It must have been nearly -20 degrees Celsius outside the Pictou Court house on Friday, Jan. 18.
Hands clutching speeches written on sheets of paper or on smart phones were turning red and raw from the cold. Nonetheless, people were there to protest the leniency shown to Shawn Wade Hynes by Judge Del Atwood back in January when Hynes did not come for his scheduled first court appearance.
Hynes is the man who, back in September 2018, is accused of shooting a co-worker Nhanhla Dlamini in the back with a nail-gun. He was supposed to be in court on Jan. 7, but he didn’t show-up. Del-Atwood rescheduled the court date for Feb. 11 and reserved the right to issue a warrant should Hynes fail to appear again.
At the time Hynes was seeking the legal council of Stellarton lawyer James David O’Blenis. However, Hynes retention of O’Blenis was not yet official.
According to court audio from Jan. 7, this likely factored in del-Atwood’s decision to not issue a bench warrant.
“As he has not firmed up his retention of Mr. Shawn Wade Hynes, he (O’Blenis) is requesting we adjourn the matter over to February,” said Del Atwood. “The court will reserve until that date its decision whether to issue a warrant for Mr. Hynes.”
The court date was re-scheduled until Feb. 11 at 10:30 a.m.
“If I was scheduled today to be in this court house, there’s no misconception in mind, that if I didn’t show up I bet you by this afternoon there’d be a warrant issued for my arrest,” said veteran and human rights activist Raymond Sheppard.
“So, when judge Atwood said, ‘well you know he doesn’t have a lawyer, and this that or the other thing’, and so on, and let Mr. Hynes go without any consequence, he was using in my opinion he was using his white privilege to say, ‘hey brother, come back on Feb. 11.’
Sheppard was one of the organizers of the protest which saw more than a dozen people gathered from Pictou County and Halifax. He and others point to past cases where Del Atwood presided and where bench warrants were issued when the accused did not present themselves in court.
In particular, they point to a case back in May 2017 where Atwood issued a warrant after Brandon MacDonald failed to appear in court.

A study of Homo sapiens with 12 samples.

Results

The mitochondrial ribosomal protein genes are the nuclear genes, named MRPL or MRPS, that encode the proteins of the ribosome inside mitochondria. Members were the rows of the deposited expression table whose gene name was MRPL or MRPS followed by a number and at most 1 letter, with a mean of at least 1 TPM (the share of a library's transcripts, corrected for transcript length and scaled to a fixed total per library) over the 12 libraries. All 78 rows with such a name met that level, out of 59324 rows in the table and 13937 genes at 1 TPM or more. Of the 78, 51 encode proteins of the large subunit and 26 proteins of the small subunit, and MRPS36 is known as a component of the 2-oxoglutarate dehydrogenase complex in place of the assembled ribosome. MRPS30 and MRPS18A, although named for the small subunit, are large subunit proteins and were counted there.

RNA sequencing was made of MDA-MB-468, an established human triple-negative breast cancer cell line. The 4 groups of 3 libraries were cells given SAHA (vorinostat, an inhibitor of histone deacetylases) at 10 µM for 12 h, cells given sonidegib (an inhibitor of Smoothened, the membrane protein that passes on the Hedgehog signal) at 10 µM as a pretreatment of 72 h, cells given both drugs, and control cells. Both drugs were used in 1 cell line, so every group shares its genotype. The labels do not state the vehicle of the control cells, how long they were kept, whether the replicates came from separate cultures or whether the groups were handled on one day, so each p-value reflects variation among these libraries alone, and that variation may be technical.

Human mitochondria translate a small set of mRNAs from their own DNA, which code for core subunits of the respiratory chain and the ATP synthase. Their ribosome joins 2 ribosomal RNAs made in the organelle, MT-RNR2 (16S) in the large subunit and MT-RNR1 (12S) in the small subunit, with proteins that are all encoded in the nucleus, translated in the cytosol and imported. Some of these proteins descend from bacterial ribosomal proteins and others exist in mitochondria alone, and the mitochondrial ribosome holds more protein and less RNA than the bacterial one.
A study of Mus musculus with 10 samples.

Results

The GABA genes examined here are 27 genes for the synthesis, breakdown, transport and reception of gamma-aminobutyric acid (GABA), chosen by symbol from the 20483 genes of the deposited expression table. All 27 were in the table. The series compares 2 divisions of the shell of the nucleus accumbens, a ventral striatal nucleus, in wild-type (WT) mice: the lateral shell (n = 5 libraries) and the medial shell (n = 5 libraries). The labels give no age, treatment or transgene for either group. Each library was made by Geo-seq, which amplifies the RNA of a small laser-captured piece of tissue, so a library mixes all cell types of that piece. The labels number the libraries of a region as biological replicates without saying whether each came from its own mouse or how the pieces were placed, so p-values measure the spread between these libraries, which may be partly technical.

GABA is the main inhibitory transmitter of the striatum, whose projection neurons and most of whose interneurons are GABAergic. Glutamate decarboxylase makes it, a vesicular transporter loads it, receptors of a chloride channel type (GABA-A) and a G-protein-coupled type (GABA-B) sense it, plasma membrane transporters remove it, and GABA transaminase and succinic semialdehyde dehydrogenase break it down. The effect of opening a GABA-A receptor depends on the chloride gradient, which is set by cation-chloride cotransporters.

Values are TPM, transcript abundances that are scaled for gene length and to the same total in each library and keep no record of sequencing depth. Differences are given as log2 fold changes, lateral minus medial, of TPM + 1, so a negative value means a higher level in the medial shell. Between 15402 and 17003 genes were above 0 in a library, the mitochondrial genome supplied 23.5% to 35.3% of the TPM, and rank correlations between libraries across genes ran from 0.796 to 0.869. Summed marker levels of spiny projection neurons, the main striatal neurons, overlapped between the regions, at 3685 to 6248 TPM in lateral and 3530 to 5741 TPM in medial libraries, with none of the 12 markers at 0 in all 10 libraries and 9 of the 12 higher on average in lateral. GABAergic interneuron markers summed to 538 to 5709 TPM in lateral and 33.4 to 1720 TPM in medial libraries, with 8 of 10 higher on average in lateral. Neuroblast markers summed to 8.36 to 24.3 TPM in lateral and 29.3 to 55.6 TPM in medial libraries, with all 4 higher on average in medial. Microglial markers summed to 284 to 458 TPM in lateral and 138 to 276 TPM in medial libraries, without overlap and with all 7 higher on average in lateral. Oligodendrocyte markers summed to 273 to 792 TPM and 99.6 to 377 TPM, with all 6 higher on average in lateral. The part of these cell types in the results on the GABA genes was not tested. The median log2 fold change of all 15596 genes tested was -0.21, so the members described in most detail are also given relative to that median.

MacDonald was charged with not having a helper’s license on a fishing boat.
“We compared it to the lobster fisherman. He didn’t appear to court and it was judge Atwood hit the hammer pretty hard on that guy,” said Angela Bowden who also helped organize Friday’s event as well as past protests at the Pictou court hours and in Halifax.
“When you see that type of inconsistency and you see the type of crimes that was committed, it sends a clear message to the black community that your lives don’t matter,” said Bowden in a phone interview.
The events of Friday highlight an ongoing anger about the way that this case has been handled.
The incident which left Dlamini in hospital for four days is being seen as the culmination of three weeks of racial taunting and workplace pranks that he says were only being directed at him because of his race.
Furthermore, Dlamini says that Hynes repeatedly called him a word that sounds like the ‘n-word’ and told him that ‘everyone should own a black person’.
Protesters have previously called for upgraded charges against Hynes including attempted murder in what they say is clearly a hate crime.
Incidentally, the number of police reported hate crimes went up 47 per cent between 2014 and 2017, according to the most recent data from Stats Canada. Within that percentage, there had been an 84 per cent increase in crimes against black people nationwide.
"Shawn my have shot NH, but we all felt that wound," said Bowden.